Hearings on proposed demolition of Central Long Beach businesses postponed following community backlash, mayor intervention • Long Beach Post

Two hearings scheduled for today dealing with the proposed demolition of Long Beach staples such as Poly Burgers, La Lune Thmey Restaurant and KH Market have been postponed following intervention from the mayor after community members protested the lack of notification by the property owner.


After a series of tweets from the mayor chastising the owner for not informing tenants and threatening to ask the city Planning Commission to postpone the hearings if the owner did not do so, the mayor announced that the property owner notified the city that “he will voluntarily postpone the hearing until January.”

Hany Malak, the applicant listed on city records, did not return a call for comment.

The mayor’s Chief of Staff, Mark Taylor, confirmed that two agenda items dealing with the hearings concerning shopping centers on Anaheim Street and Atlantic Avenue in the Cambodia Town district have been laid over to the next meeting. However, at Thursday’s meeting, commissioners voted to set the hearings at an unspecified date after Vice Mayor Dee Andrews asked for at least 90 days during public comments.

Supporters of HK Market pose for a photo with Vice Mayor Dee Andrews Thursday, Dec. 6, 2018 after the planning commission voted to postpone to a later date hearings on proposed projects that would affect the Cambodian store and other businesses. Photo by Stephanie Rivera.

“We need to have more conversations with the owner,” Andrews said. “We can’t stop an owner from doing what he wants to do but we can postpone things until we get some verification on what’s going on.”

The commission had originally planned to move the hearings to Jan. 17 in a Belmont Shore library. Now city staff will speak with the applicant to agree on another date and determine a location adequate enough to hold what they expect to be a large crowd. The city will also need enough time to send notices to the surrounding community.

One of the proposed developments is a shopping center at 1320 Atlantic Ave., at the corner of Anaheim Street, which includes Poly Burgers, La Lune Thmey restaurant (where elected leaders have held events including remembrances of the Khmer Rouge genocide), Babette Bakery and Smart N Final, which is expected to remain as an anchor tenant.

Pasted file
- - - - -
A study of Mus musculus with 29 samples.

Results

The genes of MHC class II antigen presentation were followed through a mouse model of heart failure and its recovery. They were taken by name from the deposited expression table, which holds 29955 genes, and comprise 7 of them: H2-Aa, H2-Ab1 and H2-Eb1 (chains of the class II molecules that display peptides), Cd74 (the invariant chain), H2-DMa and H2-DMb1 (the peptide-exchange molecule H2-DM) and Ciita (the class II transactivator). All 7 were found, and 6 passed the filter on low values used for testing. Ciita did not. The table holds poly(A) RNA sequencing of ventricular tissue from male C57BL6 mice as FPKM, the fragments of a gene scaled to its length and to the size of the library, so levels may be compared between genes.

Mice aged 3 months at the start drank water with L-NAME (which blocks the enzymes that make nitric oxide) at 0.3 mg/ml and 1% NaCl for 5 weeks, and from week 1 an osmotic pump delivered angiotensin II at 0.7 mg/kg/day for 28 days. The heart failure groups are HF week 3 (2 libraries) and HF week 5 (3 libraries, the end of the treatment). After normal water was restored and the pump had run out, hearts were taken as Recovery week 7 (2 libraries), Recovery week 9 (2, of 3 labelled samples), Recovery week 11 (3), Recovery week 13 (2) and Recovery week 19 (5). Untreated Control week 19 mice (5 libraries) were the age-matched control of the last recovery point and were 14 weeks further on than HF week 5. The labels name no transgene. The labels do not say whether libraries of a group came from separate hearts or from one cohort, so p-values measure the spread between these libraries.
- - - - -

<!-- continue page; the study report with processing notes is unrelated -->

‘This is our livelihood’: Poly Burger, and other Central Long Beach shops, may be demolished

The other development, just around the corner on Anaheim Street between Lime and Martin Luther King Jr. avenues, is a retail strip that currently houses Chinese, Thai and Vietnamese restaurants as well as KH Market, which serves pan-Asian delights.

“I look at [KH Market] as being a part of Cambodia Town, everyone goes shopping there,” said 30-year Long Beach resident Pasin Pasin who attended the meeting. “Particularly, we care a lot about seniors. I know we seniors go shopping there because it’s convenient and because they don’t have any means of transportation.”

Pasin’s wife said she likes shopping at KH Market because she can find vegetables there that she can’t find at other stores.

“They carry household products, that [our] culture, that we need at home,” Rosana Chanou.

Serving Cambodian community for decades, owners of KH Market given two weeks notice before hearing on demolition

Yukon Oh, who owns Poly Burgers and Qrious Palate (next door to KH Market), said he was only vaguely notified of the project by the property owner about last Friday. He was told to go to a Planning Commission meeting to find out more information.

“They didn’t give details,” Oh said.

At the planning commission meeting Oh, who has owned Poly Burgers for 23 years and Qrious Palate for six years, said he was happy about the postponement but really just wants to make sure there’s space for his businesses in the new development.

“All I want from them is to find a spot,” Oh said. “That’s all I want.”

It’s rare for property owners not to notify tenants when they are considering redeveloping their property, according to Development Services Director Linda Tatum.

There is no known law that forces property owners to do so. The city is required to post hearing notices on the property and mail out notices to residents within a 750-foot radius at least 15 days before the scheduled meeting.

Editor’s note: this story has been updated with more information on the planning commission’s decision to postpone the hearings at a later date and with quotes by Vice Mayor Dee Andrews and supporters of the businesses at risk of being demolished.

Stephanie Rivera covers immigration and the north, west and central parts of Long Beach. Reach her at [email protected]t.com or on Twitter at @StephRivera88.